Monday, March 11, 2013
In a recent post at his blog ThomRainer.com, Thom shares with pastoral candidates some key questions they should ask—questions that will help them get beneath the surface to better understand the real issues in that church. He writes:
"While it's common for candidates for a pastorate to ask questions, the nature of the questions often does not lend itself to a complete answer. For example, if you ask some of the church members if they are ready and willing to reach their community with the gospel, they likely will respond with a resounding 'yes.' After you become their pastor, you realize they meant they are willing for you to do the work, and they aren't really comfortable reaching beyond their own groups. They didn't lie. They just didn't tell you the whole story.
"So I have devised seven questions that are more likely to get to the heart of the matter. I encourage you to ask these questions and listen carefully to their responses. It could save you a lot of heartache in the future.
1. If a big decision needs to be made in the church, to whom do the members look for the blessing or approval? This question is a more subtle approach than asking who the power group is. They may respond with one name, or they may point to a group of people. You may hear stories how the power brokers operate. If you decide to accept the call to the church, you have good insights on how to lead and move forward. Or there could be sufficient horror stories to keep you away.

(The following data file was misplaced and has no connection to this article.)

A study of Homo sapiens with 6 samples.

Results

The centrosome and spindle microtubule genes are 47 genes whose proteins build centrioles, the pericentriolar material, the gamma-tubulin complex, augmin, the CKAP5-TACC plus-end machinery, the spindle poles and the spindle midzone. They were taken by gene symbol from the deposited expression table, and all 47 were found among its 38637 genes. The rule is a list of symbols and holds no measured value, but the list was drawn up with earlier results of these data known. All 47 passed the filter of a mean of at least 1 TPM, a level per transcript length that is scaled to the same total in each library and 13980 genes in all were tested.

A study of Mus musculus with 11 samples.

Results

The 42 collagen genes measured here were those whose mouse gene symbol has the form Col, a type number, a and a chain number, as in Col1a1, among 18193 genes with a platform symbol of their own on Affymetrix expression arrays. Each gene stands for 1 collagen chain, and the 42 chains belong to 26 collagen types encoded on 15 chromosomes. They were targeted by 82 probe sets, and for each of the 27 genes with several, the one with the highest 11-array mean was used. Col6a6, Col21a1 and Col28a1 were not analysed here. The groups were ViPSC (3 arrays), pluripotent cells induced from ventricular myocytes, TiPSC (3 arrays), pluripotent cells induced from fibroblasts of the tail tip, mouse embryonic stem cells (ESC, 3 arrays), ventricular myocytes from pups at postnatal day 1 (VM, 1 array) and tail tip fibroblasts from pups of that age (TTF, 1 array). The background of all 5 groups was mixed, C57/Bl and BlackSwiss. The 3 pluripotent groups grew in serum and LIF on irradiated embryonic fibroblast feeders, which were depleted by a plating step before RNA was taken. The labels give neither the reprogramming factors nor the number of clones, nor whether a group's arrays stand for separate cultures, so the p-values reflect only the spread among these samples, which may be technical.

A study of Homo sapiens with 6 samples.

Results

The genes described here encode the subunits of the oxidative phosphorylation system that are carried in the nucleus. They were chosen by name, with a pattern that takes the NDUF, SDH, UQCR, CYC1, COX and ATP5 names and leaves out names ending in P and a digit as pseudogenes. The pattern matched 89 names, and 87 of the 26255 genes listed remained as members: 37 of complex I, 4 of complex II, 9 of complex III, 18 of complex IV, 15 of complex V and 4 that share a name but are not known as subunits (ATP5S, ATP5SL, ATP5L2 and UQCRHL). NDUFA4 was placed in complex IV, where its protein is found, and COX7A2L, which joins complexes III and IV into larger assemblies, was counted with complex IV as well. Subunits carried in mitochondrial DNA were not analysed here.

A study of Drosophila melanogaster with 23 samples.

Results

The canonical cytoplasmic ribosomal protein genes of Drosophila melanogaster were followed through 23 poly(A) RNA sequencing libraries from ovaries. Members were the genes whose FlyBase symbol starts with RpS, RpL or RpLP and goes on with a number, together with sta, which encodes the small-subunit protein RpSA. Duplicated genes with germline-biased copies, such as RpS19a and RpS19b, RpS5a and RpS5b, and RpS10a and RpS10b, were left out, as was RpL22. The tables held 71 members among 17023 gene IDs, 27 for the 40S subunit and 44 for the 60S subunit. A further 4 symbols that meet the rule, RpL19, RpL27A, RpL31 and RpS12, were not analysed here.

2. What is your dream for how the church might look 10 years from now? Once you hear the responses to this question, you likely will have a good idea of what the change tolerance is in the church. Any organization should look significantly different in a decade. If their decadal view involves only cosmetic changes, you may have a leadership challenge.
3. What was the topic of your last contentious business meeting? You will learn a lot by hearing when that meeting took place. If it was just a few weeks ago, the church may be a fighting lot. If it was several years ago, it is likely the church is a relatively civil group. You also will be able to hear the issue and find out if that issue is still a point of contention today.
4. What is something I might say from the pulpit that would cause a number of members to cringe? This question gets to the heart of hot-button issues. Some of those issues may be theological. Some of them may be something foolish one or more former pastors said from the pulpit. At the very least, you have been forewarned before you accept the call to the church." (Click here to read the full article, including the other three questions.)